Southern California Forest Considered 'Too Wild To Drill'

Rose Valley in Los Padres National Forest
Rose Valley in Los Padres National Forest | Photo: Wendell/Flickr/Creative Commons License

Los Padres National Forest is one of the top places in America considered "too wild to drill," according to a new report from The Wilderness Society. It highlights a dozen of the nation's most unique landscapes that it says are threatened by oil and gas drilling.

The Los Padres forest not only provides drinking water to the Santa Barbara area but also is well-known for two iconic animals, said Warren Alford, California regional representative for The Wilderness Society.

"The last [wild] California condor was captured here and became part of a successful reintroduction program," said Alford, "and the last California grizzly bear was captured and killed. And that's just an indication of how wild and how rugged this area is, and it's simply too wild to drill."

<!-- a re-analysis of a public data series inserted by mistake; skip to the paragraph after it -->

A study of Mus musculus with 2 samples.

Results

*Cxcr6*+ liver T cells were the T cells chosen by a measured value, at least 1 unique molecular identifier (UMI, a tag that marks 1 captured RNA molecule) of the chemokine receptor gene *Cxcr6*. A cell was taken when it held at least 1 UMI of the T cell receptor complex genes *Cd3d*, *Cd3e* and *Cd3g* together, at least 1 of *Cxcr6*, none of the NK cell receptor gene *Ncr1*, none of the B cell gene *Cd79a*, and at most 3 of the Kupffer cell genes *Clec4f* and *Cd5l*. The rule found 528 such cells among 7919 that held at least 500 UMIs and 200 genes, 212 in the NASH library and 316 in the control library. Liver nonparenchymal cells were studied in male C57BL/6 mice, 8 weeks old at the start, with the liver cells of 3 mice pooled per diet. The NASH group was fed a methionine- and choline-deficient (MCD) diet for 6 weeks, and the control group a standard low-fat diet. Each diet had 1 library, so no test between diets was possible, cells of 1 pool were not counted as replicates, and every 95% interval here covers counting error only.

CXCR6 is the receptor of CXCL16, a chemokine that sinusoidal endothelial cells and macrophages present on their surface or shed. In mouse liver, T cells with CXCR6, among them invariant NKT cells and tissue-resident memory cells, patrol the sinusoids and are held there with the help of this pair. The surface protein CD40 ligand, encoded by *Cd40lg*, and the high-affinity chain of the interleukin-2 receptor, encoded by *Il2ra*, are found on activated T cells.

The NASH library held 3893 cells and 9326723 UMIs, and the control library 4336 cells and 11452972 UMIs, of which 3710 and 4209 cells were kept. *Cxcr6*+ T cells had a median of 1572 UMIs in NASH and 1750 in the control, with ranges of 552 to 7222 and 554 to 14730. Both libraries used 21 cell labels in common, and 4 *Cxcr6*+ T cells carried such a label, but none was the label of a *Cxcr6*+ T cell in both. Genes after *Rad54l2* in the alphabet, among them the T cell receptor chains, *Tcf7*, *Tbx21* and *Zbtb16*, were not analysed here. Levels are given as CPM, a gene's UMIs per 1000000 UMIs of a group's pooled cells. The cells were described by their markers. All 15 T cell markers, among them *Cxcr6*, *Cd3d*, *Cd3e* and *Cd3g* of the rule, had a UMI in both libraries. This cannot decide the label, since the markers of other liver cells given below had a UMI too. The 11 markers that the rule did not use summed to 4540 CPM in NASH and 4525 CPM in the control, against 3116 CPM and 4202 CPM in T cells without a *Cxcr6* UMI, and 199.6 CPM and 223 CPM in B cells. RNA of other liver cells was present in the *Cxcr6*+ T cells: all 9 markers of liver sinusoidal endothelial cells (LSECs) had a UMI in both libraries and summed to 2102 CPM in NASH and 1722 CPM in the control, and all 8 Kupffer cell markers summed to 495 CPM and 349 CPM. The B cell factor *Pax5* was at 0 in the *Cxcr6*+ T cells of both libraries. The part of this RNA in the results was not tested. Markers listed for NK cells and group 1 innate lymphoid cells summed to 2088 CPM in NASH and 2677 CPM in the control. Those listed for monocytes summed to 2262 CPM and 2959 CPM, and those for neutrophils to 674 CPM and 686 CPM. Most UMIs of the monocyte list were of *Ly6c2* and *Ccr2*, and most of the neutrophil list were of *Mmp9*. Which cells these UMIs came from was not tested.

Alford said his group believes guided energy development is appropriate on public lands that already have impacts from oil drilling. But he says there are far too many places where the natural benefits of the area outweigh the small amounts of oil and gas that could be found.

"We should direct those activities to places that are appropriate, that don't have the level of ecological significance, and that already have other human impact," he said.

The report also provides suggestions for protecting these wild places, including steps that Congress and President Obama can take to protect them from oil and gas drilling.

For ongoing environmental coverage in March 2017 and afterward, please visit our show Earth Focus, or browse Redefine for historic material.
KCET's award-winning environment news project Redefine ran from July 2012 through February 2017.